Great Leaders Know How to Navigate Conflict

How CPG Leaders Overcome Conflict in the Workplace

Like any industry, the consumer packaged goods (CPG) industry finds itself responding to many new challenges. Consumers now prioritize convenience and cost-effectiveness above former industry pillars like brand loyalty and premium labels.

Changes in consumer behavior can leave organizations scrambling in response as they try to fill pivoting needs. Not surprisingly, meeting new challenges can also lead to internal strife or conflict in the workplace.

If you’re a manager, focusing on communication can minimize workplace conflict.

Workplace Conflict and Employee Productivity

The surest way to slow down workforce productivity is to allow employee conflict to fester.

Companies in the U.S. lose almost $360 billion annually because of the squabbling, frustrations, and dissatisfaction within teams, and the CPG industry is no different.

Ignoring the conflict leads to rising tensions and long-term stress. Eventually, workplaces become toxic environments that current employees want to escape and candidates don’t find attractive.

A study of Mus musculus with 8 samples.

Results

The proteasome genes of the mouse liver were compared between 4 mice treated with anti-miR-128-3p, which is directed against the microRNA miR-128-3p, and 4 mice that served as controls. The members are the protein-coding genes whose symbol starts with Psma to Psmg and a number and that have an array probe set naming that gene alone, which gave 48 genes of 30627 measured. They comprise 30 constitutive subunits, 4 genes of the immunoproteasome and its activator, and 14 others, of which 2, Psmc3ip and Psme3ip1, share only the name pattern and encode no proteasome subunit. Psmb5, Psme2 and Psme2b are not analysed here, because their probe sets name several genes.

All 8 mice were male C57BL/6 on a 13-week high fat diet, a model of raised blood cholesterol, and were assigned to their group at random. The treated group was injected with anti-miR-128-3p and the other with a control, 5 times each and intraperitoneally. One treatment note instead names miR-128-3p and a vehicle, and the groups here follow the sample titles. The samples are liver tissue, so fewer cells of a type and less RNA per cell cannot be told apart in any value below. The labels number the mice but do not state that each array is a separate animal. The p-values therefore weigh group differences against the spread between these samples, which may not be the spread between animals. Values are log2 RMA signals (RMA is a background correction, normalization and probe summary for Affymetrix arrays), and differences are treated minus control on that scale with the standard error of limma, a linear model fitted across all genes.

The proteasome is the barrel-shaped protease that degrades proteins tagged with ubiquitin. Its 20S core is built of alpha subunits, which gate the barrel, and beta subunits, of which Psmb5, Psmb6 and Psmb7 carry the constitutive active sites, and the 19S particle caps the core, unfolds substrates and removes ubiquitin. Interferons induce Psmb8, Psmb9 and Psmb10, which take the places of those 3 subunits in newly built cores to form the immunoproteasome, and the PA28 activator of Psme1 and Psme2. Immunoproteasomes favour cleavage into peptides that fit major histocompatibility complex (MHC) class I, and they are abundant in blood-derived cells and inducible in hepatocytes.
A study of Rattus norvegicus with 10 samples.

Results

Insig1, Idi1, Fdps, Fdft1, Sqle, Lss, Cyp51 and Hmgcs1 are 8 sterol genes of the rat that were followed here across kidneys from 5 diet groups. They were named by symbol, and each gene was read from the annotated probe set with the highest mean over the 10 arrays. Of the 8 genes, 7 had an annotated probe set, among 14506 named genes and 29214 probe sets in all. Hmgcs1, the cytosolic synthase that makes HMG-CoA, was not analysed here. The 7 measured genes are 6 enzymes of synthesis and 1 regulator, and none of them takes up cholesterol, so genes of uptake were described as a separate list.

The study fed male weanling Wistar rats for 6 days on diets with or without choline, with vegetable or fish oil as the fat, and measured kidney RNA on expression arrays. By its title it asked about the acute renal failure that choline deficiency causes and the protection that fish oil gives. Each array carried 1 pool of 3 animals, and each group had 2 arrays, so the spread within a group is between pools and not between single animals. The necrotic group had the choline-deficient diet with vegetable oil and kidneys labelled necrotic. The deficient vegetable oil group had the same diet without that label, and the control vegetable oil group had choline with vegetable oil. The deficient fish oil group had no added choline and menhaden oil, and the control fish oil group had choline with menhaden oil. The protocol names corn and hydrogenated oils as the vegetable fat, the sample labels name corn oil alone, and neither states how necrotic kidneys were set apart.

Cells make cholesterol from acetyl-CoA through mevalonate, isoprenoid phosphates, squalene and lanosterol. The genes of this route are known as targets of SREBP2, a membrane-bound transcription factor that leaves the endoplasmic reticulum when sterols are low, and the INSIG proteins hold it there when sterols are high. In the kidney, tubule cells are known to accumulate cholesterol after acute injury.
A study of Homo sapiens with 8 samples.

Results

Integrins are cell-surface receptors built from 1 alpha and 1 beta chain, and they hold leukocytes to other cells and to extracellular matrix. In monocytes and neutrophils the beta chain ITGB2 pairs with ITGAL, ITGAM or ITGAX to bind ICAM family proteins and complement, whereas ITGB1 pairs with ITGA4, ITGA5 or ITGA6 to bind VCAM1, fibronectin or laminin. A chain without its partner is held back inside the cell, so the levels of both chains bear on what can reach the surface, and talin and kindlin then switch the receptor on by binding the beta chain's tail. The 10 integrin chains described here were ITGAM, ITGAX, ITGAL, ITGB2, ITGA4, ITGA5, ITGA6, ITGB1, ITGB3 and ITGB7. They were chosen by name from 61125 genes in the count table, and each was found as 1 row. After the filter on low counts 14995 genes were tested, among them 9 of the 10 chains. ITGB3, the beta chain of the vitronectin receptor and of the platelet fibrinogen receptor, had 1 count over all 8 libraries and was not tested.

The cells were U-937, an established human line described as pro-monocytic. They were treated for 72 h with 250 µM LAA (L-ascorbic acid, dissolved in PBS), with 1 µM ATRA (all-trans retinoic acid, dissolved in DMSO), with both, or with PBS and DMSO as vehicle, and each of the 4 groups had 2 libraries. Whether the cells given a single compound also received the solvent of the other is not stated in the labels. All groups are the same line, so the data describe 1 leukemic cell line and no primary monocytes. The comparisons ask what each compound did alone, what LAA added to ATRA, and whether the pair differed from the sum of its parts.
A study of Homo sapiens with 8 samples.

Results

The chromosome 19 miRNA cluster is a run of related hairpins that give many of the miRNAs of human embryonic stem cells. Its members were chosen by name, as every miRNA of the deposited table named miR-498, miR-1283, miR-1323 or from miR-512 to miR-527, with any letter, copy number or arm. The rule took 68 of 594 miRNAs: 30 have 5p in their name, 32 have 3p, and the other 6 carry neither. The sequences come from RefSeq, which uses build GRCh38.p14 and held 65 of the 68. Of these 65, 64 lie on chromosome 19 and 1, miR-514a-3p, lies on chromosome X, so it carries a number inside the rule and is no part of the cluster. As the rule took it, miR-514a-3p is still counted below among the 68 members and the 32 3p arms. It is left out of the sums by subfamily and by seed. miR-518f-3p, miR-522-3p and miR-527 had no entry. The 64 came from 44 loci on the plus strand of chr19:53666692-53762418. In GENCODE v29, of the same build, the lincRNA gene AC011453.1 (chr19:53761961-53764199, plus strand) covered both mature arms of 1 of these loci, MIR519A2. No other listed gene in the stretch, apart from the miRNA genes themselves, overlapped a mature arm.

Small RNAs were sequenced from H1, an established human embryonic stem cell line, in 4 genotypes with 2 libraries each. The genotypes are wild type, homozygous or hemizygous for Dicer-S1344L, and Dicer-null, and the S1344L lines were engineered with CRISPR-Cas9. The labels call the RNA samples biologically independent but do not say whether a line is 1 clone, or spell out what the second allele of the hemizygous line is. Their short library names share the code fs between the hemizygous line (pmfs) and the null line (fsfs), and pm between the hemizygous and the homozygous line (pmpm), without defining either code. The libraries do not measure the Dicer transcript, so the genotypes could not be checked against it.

Managers can’t solve everyone’s problems for them, but these leaders can help to overcome workplace conflict with one skill: communication.

Minimize Workplace Conflict with Proven Strategies

Dealing with conflict can be uncomfortable for managers who must manage it. Many leaders either ignore or avoid conflict, hoping disagreements will disappear. Unfortunately, the conflict doesn’t evaporate; it grows — unless addressed.

Still, it is possible to improve communication among your teams.

Sit down regularly with your team to discuss what is going on — especially if something disruptive happens. Often, the challenge is due to a misunderstanding that can be resolved immediately. Ask for employee input for a resolution, keeping in mind these four strategies:

Put your attention on the process, not the people. Your team comes from diverse backgrounds and has multiple ways of dealing with challenges. Together, they can improve the process — but not if they resort to playing the blame game.

Set a goal. Having a well-defined and measurable goal keeps the team focused on work.

Encourage regular communication in multiple directions. Employees must feel comfortable asking questions horizontally and vertically in their departments.

Remind the team that conflict isn’t always bad; it’s an opportunity. This opportunity can lead to product and process improvement and strengthen the team.

Your team won’t always agree about everything. Someone will have a bad day, or they may experience frustration with a part of the process.

Your ability to help them communicate and resolve issues will lead employees to overcome the day-to-day challenges in the CPG industry and excel.